Reportedly, the White House nixed a formal statement honoring recently-deceased Senator John McCain, a staunch Republican but also consistent critic of President Donald Trump. Apparently, many within the White House, including Press Secretary Sarah Huckabee Sanders and Chief of Staff John Kelly, pushed for the statement but President Trump ultimately decided to go with a simple tweet.
Insiders report that the statement would have honored Senator McCain’s war record and labeled him as a “hero.” The statement had been written up before McCain passed away and was ready to hit the press. Regardless, Trump declined to have it published. On Twitter, President Trump wrote:
Some critics have pointed out that the statement does not contain much in the way of praise for McCain or his accomplishments. Past presidents have often been quick to praise former political rivals and adversaries. Indeed, George W. Bush and Barack Obama, who both faced McCain in tough election battles, have written touching eulogies.
McCain’s Complicated Legacy
McCain’s legacy is complicated. He was held in captivity for five and a half years, refusing an opportunity to be released earlier. Doing so would have demoralized his fellow prisoners and would have been a violation of the Navy’s Code of Conduct.
Over the years, McCain has occasionally bucked his political party, voting against important bills, such as repealing Obamacare. This has earned him a reputation as a maverick. That maverick attitude has also drawn the ire of President Donald Trump.
Back in October of 2016, McCain withdrew his support for then-nominee Donald Trump over the Billy Bush tapes, which featured the President using some rather crude words. From that point onwards, McCain became one of the most outspoken Trump critics on the right side of the Congressional aisle.
Besides his rivalry with Trump, McCain has been accused of starting the USS Forrestal fire, in which 134 people were killed. Accusations claim that McCain tried to “wet-start” his plane, using extra fuel that ultimately ignited a rocket. Fact-checking website Snopes claims that the accusation is false.
Others note that McCain once told an impoverished husband suffering from brain cancer to move out of Arizona because healthcare was not a human right. Snopes found evidence that suggested that the story may be true, but was unable to verify. Either way, McCain was never known as a proponent for expanding access to health care.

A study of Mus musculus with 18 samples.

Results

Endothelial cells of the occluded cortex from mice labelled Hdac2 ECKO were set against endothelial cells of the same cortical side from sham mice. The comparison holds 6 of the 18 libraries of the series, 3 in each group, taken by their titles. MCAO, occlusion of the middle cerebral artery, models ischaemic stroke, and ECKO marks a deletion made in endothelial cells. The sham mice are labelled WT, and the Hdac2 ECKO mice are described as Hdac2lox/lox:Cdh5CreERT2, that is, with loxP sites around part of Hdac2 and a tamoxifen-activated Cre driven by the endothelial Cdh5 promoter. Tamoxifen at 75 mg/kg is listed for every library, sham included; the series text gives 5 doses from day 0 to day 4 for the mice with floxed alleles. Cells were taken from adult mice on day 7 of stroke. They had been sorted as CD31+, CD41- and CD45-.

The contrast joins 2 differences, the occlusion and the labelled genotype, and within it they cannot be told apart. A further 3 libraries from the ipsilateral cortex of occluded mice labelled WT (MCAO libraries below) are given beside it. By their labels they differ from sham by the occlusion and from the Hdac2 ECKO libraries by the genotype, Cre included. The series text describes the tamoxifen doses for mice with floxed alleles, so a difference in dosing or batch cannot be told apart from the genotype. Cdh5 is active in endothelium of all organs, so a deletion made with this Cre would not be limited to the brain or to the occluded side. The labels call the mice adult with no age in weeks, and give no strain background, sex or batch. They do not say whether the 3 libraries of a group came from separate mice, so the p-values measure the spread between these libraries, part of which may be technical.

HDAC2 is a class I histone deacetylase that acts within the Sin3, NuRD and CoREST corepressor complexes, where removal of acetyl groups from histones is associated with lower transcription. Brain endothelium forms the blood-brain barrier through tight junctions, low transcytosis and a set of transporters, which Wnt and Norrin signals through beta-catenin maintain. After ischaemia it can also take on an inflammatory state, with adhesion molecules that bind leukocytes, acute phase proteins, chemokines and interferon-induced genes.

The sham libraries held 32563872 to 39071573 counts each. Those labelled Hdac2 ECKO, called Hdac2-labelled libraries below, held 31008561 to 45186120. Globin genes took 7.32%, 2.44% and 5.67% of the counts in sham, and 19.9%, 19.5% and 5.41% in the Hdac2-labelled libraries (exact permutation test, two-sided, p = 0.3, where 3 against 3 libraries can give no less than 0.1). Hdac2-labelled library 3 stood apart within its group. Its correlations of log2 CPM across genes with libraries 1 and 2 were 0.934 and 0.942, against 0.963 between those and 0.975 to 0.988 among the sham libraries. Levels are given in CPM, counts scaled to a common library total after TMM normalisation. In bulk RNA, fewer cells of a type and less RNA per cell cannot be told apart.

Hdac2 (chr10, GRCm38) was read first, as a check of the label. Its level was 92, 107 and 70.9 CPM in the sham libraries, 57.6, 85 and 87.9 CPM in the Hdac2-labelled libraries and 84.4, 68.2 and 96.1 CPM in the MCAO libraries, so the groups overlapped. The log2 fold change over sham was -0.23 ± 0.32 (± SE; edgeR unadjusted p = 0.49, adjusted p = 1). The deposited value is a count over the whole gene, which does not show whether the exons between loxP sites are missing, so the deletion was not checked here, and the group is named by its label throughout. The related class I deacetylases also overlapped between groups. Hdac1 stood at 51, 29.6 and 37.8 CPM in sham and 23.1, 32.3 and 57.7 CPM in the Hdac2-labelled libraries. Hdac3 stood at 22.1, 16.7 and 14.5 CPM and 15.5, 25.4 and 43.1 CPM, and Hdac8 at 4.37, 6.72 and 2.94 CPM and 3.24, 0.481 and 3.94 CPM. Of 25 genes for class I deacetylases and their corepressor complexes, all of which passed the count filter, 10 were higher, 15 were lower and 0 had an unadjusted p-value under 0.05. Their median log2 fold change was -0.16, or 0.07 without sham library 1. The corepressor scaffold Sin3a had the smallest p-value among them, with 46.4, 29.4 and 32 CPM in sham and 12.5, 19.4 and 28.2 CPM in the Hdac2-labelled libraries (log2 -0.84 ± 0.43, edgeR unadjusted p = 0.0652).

McCain Getting Little Love from Arizona Candidates
McCain had represented Arizona in Congress since 1983, first in the House for two terms before joining the Senate. Despite his long history of service to the state, Arizona Republican candidates currently campaigning to replace Senator Jeff Flake, another staunch Trump critic, have largely ignored McCain’s passing.
One candidate, Kelli Ward, even went as far as to allege that McCain’s announcement that he was discontinuing cancer treatment was timed specifically to hurt her campaign. She has since deleted the Facebook post rendering that assertion. McCain died shortly thereafter. Martha McSally, on the other hand, had kinder words to offer:
Meanwhile, Joe Arpaio reportedly tweeted his “thoughts and prayers” to Cindy McCain, who subsequently blocked him, setting off a public spat. Arpaio was pardoned by President Trump for various charges relating to his treatment of undocumented immigrants in his custody.
Besides his career in the Senate, McCain also challenged George W. Bush in the 2000 Republican primary, putting in a stiff challenge but ultimately falling short. In 2008, he secured the GOP nomination but couldn’t overcome rising star Barack Obama. Senator McCain is survived by his wife, Cindy, and seven children.